A&E >  Music

Singer-songwriter duo Casey Kelly, Leslie Ellis to share songs, stories during Spokane show

Leslie Ellis, left, and Casey Kelly bring their album “The Long Road to You” to the Bing on Thursday. (Tennille Melcher)
Leslie Ellis, left, and Casey Kelly bring their album “The Long Road to You” to the Bing on Thursday. (Tennille Melcher)

Singers Casey Kelly and Leslie Ellis, a married couple who perform together as Kelly & Ellis, have a bucket list for their upcoming visit to Spokane.

On the list? Hit the Northwest Ale Trail and try a burger at Dick’s. They’d also like to see the waterfalls and try the wine, and they have their fingers crossed for a moose sighting.

As only two musicians could, the pair presented its Spokane bucket list on its Facebook page as a song written to the tune of a new song they’re working on. In the song, the pair also sings about their hopes for their Thursday show at the Bing Crosby Theater.

“At the Bing Crosby Theater, we’ll make new friends/Might even meet and greet before the evening ends/Sing our hearts out and we’ll have some laughs/Maybe they will even ask us back,” they sing.

Songs and laughter is a good way to describe what fans can expect to hear, as Kelly and Ellis will share the, at times, almost unbelievable stories from their careers and behind their most popular tunes, which they’ve collected on their debut album “The Long Road to You,” during their Spokane concert.

Before they were Kelly & Ellis, they were known for their solo singing and songwriting.

Grammy-nominated Kelly wrote “Anyone Who Isn’t Me Tonight” for Kenny Rogers and Dottie West, “The Cowboy Rides Away” for George Strait and “Soon” for Tanya Tucker.

Ellis starred as Grizabella in “Cats” on Broadway, singing “Memory” night after night, and won a Grammy with Céline Dion for “My Heart Will Go On.”

It wasn’t until a writers round in 2004 at Nashville’s Bluebird Cafe that the pair met. But, like a scene from a movie, the meeting almost didn’t happen.

Kelly almost forgot about the writers round and showed up just before showtime, taking the seat next to Ellis.

“He showed up at the last minute with all his cords and his harmonica and cables in a Wild Oats paper shopping bag,” Ellis said. “Completely almost missed the boat there.”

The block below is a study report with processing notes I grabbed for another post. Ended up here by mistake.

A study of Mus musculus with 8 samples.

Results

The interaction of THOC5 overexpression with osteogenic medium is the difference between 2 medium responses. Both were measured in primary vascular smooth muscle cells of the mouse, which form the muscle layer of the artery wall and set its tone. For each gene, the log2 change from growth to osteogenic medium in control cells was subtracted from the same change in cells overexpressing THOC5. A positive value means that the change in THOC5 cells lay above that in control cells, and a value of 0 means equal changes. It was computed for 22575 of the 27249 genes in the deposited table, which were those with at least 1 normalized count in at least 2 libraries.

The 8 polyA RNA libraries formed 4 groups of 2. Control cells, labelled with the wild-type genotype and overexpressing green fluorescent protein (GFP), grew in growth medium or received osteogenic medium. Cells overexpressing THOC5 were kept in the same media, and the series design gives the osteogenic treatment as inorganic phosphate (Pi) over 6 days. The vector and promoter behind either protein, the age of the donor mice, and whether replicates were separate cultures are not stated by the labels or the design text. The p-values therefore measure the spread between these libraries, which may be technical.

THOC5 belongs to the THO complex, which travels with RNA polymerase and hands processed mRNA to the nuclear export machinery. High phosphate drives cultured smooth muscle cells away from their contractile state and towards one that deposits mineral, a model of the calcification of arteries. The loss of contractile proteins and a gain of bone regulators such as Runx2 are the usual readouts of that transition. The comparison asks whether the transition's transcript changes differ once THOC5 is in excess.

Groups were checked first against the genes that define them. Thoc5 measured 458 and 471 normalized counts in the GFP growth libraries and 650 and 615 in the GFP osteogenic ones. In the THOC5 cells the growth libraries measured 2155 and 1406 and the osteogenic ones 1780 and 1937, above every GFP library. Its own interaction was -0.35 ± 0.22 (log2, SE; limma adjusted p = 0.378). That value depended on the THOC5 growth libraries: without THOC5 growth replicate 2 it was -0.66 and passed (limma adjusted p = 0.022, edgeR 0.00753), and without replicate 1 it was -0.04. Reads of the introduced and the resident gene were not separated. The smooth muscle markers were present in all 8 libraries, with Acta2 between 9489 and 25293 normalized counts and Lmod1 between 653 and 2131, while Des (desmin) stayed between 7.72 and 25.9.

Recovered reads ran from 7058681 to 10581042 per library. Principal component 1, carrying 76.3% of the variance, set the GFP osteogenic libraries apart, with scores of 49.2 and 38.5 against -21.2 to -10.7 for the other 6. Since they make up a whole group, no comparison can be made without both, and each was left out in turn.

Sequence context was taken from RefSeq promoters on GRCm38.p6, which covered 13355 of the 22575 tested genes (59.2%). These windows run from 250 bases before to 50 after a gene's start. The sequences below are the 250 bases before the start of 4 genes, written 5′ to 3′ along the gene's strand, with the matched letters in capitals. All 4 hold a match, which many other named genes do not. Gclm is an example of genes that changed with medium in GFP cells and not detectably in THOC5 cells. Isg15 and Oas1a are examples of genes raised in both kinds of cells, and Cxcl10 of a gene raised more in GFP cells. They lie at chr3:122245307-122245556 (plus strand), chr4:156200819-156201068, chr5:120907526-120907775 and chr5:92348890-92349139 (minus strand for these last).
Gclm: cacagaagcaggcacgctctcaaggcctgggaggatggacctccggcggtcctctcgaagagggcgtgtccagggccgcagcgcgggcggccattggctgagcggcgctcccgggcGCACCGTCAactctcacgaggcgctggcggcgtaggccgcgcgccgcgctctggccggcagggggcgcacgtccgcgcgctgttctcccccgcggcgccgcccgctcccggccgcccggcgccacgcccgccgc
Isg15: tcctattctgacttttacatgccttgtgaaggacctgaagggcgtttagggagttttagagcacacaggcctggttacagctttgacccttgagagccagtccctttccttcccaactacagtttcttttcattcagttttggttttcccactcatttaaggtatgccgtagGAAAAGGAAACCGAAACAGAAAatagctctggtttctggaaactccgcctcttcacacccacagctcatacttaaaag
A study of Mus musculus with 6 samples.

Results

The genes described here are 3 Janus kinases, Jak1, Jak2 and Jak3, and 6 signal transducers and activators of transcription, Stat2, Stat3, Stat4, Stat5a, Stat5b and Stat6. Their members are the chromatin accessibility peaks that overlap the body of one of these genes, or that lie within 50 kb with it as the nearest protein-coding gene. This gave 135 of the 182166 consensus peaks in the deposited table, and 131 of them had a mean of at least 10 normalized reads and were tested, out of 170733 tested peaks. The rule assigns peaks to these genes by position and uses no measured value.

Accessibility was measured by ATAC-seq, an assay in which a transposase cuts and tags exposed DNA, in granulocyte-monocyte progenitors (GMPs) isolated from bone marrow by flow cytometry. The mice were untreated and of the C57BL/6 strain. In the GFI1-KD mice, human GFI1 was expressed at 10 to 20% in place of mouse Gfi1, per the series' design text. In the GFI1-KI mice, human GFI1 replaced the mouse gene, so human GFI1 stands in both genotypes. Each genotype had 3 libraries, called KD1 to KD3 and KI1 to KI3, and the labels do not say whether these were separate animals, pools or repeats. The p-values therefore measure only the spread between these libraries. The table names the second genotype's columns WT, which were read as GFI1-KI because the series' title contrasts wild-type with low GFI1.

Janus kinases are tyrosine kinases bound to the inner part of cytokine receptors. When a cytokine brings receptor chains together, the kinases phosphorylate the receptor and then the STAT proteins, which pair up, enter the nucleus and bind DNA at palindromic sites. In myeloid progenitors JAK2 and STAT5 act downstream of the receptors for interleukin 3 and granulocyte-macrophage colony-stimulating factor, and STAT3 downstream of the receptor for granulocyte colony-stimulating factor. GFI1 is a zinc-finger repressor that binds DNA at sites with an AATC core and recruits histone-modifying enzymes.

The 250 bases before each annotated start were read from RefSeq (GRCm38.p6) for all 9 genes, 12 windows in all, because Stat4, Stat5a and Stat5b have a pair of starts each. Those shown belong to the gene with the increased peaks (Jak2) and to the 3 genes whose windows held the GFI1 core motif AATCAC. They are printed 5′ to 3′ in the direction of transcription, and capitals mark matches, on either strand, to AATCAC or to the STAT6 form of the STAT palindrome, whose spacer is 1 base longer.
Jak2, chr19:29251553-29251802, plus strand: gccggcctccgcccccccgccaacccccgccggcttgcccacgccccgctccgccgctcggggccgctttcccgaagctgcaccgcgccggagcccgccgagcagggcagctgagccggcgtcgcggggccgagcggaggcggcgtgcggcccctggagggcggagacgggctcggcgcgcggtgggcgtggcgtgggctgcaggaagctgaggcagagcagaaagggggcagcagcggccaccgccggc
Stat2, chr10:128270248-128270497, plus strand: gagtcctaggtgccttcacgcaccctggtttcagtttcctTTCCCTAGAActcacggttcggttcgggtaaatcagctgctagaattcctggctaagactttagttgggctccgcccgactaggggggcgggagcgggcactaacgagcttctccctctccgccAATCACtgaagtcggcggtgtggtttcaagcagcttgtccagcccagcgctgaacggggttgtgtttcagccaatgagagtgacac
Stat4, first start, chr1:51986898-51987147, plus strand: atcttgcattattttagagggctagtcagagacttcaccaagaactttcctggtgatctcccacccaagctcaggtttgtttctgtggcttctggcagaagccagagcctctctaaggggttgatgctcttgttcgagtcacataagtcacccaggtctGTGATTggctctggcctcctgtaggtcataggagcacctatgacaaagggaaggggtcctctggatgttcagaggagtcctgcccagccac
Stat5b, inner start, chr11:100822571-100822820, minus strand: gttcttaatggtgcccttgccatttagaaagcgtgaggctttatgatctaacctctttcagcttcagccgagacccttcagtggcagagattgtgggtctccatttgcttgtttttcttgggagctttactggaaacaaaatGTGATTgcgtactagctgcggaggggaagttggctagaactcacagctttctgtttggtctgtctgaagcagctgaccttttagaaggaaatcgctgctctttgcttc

Kelly quickly got set up and warmed up by playing snippets of songs he’d written, which Ellis immediately recognized.

“She starts telling me ‘I know your songs. You mind if I sing along?’” Kelly said.

The pair exchanged cards that night – Ellis was hoping to get demo work – and have been performing together ever since.

Before they knew it, the pair, as a trio with musician Todd Cerney, was performing across the Southeast United States and in Europe.

But Cerney was diagnosed with melanoma and died about four months later.

Things ground to a halt for Kelly and Ellis after Cerney’s death. The pair didn’t play music for several months and when they were ready to start performing again, they weren’t sure if they should try to find a new member and continue as a trio.

“It took a long time to evolve to saying ‘Look, we’re not getting any younger. Let’s do a project where we do what we do’ which is yes, singing songs we’ve written, but also talking about these experiences we’ve had,” Ellis said.

That project eventually became “The Long Road to You,” which features Kelly and Ellis’ most well-known songs plus other songs from the pair’s pasts including “A House I Once Loved In,” “Just Ask Me,” “(I Ain’t Just) a Pretty Face” and “Tennessee Whiskey” (not to be confused with the George Jones song of the same name).

Instead of recording the songs as they were originally written, the pair decided to reinvent each song for “The Long Road to You.”

A song of Kelly’s turned into a call-and-response tune a la Ike and Tina Turner’s “It’s Gonna Work Out Fine,” and Ellis’ take on “My Heart Will Go On” became much softer thanks to a new guitar part Kelly wrote.

“All of a sudden I realized instead of it being an anthem to my heart will go on, it’s more like a prayer to a lost loved one,” Ellis said. “It’s very personal now. It’s not so public.”

Like the album, the pair’s live shows have evolved over time. Though the music is the main focus, the pair is open to seeing what happens from night to night as it shares stories about the long road that brought them together.

“We’ll get into a conversation with the audience and it becomes a moment, and we think, ‘Wow, we need to do that. That needs to be part of this,’ ” Kelly said. “We’ve just let it tell us what it wants to be.”

The pair anticipates they will let its next record, still a year or two down the line, dictate what it wants to be, though they imagine it will feature songs they’ve co-written.

For now, the pair is focused on promoting “The Long Road to You” via live shows and videos the pair is working to produce.

And, like they sung in their Spokane bucket list song, Kelly and Ellis are also hoping this album helps them make new friends.

“We’re on this journey to go on these adventures and find our people and find out about their towns and find them in living rooms and listening rooms and theaters and share with them these stories and songs,” Ellis said.